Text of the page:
Health workers who lost jobs for not having Covid vaccinations could sue Government

A care worker who spearheaded a judicial review following the mandatory Covid vaccination policy has suggested that the 40,000 workers who lost their jobs could sue the Government for compensation.

Julie Peters worked as a care home programme director in Poole, Dorset. Her job was predominantly office-based and she was infrequently required to visit care homes, but she lost the role as a result of the Department for Health and Social Care’s (DHSC) mandatory jabs policy.  

Along with Nicola Findley, a full-time care home support worker from Wolverhampton, she called for a judicial review over the policy, but the case was dismissed by a High Court judge in December.

Following the Government’s U-turn on mandatory Covid vaccinations for NHS and social care workers – revealed by The Telegraph – Ms Peters has suggested that the tens of thousands of workers who were either sacked or forced to quit should receive compensation.

“I would be willing to do anything to right the wrongs that have taken place,” she said. “It’s completely out of order what has happened.” She added that she was “100 per cent keen for legal action and compensation”.

A timeline of NHS compulsory jabs

Her comments came after Sajid Javid, the Health Secretary, told MPs on Monday night that he would launch a consultation on ending vaccination as a condition of deployment in health and social care settings.

Mr Javid defended the mandatory vaccinations policy, saying the Government “makes no apology for it”.

Care providers reacted to the U-turn with fury amid revelations that they were forced to leave residents in beds and restrict visitors because they had lost staff.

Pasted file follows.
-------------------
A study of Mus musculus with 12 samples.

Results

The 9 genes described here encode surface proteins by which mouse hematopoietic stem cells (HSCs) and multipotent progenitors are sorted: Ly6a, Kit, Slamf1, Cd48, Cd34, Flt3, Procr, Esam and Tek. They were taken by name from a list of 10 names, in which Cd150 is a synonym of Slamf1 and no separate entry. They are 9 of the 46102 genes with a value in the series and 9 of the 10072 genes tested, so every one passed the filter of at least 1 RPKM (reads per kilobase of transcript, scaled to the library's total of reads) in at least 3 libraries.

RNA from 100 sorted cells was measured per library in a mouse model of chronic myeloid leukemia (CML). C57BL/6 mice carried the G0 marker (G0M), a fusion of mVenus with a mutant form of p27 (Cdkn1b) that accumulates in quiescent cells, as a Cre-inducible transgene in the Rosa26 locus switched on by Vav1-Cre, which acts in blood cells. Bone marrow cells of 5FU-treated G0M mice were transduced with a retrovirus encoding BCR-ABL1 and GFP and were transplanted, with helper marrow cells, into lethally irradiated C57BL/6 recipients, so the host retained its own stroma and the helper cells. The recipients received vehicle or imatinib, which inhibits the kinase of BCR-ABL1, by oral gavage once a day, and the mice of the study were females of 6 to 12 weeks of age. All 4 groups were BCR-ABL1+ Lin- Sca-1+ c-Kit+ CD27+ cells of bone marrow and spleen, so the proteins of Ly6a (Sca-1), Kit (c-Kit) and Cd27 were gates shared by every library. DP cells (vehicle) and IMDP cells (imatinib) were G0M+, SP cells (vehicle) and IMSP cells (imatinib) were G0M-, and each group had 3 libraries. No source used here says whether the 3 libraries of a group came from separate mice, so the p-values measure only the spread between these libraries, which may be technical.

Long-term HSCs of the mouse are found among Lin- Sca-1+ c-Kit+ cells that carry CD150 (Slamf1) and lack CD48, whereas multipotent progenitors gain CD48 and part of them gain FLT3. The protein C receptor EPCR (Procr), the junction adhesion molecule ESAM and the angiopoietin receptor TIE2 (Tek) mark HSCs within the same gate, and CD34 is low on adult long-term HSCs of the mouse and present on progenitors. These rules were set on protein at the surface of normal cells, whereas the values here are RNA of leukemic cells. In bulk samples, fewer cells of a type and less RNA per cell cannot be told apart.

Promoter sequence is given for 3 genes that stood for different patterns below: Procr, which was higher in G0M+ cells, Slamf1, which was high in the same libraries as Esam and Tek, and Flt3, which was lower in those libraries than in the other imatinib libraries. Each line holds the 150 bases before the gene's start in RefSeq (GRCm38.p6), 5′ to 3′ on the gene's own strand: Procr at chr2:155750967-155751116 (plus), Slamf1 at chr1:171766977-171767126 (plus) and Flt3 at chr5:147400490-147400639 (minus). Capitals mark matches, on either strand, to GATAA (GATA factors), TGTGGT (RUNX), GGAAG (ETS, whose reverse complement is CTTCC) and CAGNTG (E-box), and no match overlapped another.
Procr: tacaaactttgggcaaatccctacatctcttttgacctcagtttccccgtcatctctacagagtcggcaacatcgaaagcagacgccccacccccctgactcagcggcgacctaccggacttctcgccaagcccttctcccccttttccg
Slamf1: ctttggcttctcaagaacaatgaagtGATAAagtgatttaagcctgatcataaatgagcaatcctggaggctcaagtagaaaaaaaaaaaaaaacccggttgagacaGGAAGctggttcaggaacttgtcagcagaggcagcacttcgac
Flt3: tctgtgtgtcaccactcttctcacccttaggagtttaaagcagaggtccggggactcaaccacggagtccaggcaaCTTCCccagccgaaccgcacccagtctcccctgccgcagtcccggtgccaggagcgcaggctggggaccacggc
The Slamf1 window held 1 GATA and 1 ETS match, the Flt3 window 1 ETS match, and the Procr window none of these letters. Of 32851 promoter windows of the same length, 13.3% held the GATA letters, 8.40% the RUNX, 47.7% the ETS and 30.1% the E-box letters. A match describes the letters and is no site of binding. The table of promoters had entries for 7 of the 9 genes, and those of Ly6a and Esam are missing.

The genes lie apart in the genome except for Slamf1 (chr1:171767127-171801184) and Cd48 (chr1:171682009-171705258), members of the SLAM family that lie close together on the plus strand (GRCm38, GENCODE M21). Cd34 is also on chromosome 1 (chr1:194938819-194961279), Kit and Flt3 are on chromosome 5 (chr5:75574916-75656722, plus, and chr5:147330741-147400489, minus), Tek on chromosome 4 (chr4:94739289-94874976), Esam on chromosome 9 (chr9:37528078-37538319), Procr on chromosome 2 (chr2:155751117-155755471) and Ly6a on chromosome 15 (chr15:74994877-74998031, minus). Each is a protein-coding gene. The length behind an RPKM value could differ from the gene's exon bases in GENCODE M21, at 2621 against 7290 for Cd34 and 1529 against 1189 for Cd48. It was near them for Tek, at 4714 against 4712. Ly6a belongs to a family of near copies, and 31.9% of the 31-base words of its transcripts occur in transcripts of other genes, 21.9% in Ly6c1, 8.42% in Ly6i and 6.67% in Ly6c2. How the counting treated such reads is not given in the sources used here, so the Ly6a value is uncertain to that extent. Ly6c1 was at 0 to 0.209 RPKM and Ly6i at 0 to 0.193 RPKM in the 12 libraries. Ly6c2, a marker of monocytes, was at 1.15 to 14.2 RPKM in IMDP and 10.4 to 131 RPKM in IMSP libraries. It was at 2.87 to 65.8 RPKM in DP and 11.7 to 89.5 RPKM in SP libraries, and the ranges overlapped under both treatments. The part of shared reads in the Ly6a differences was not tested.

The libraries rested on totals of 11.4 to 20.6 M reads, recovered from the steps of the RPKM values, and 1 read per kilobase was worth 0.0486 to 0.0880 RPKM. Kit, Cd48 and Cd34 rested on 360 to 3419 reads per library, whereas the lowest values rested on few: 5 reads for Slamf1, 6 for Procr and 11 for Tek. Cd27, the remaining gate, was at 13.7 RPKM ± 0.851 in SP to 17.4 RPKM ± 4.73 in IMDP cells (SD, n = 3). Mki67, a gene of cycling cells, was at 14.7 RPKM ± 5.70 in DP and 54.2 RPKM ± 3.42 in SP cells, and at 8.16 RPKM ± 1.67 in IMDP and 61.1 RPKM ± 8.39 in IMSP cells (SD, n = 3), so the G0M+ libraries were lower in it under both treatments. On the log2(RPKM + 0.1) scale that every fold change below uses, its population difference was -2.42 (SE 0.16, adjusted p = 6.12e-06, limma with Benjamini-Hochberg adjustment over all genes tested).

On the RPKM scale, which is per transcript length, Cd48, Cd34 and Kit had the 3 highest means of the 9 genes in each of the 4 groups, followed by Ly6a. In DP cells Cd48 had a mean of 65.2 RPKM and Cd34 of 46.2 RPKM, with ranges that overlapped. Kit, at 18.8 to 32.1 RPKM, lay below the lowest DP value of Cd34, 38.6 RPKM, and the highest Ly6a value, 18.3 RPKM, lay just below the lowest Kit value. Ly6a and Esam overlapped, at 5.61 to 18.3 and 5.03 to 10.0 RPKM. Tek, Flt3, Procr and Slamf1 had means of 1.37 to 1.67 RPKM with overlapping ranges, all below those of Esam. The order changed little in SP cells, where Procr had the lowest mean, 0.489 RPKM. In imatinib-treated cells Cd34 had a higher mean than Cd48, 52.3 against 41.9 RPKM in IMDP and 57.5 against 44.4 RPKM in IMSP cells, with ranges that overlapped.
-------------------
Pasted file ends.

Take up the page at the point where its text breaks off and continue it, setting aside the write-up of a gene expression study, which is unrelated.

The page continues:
Ms Peters, currently unemployed as a result of her refusal to get a Covid vaccine, said: “If the consultation goes through and scraps mandatory vaccines for both NHS and care workers, there would be nothing stopping me, to be honest, from taking action.

“A judicial review is not necessarily the right pathway, but maybe compensation is. A lot of those people have had a year of anxiety, stress and fear for their livelihoods. It’s had an impact on their mental health. I’m 100 per cent keen for legal action and compensation.

“People have been suffering, and for them, it has meant their whole world has crumbled. Most other care workers are completely worn down by this. People live hand to mouth and that means that, if they lose their jobs, they lose their homes.”

Mr Javid said it was no longer proportionate to require vaccination for NHS staff and health care workers, telling MPs there was a need to consider the impact on the workforce in “especially at a time where we already have a shortage of workers and near-full employment across the economy”.

He said it had been “the right policy at the time, supported by the clinical evidence”, but that as omicron replaced the more severe delta as the dominant Covid variant, “it’s only right that our policy on vaccination as a condition of deployment is reviewed”.

“I’m announcing that we will launch a consultation on ending vaccination as a condition of deployment in health and all social care sectors,” he said. “Subject to the responses and the will of this House, the Government will revert the regulations.”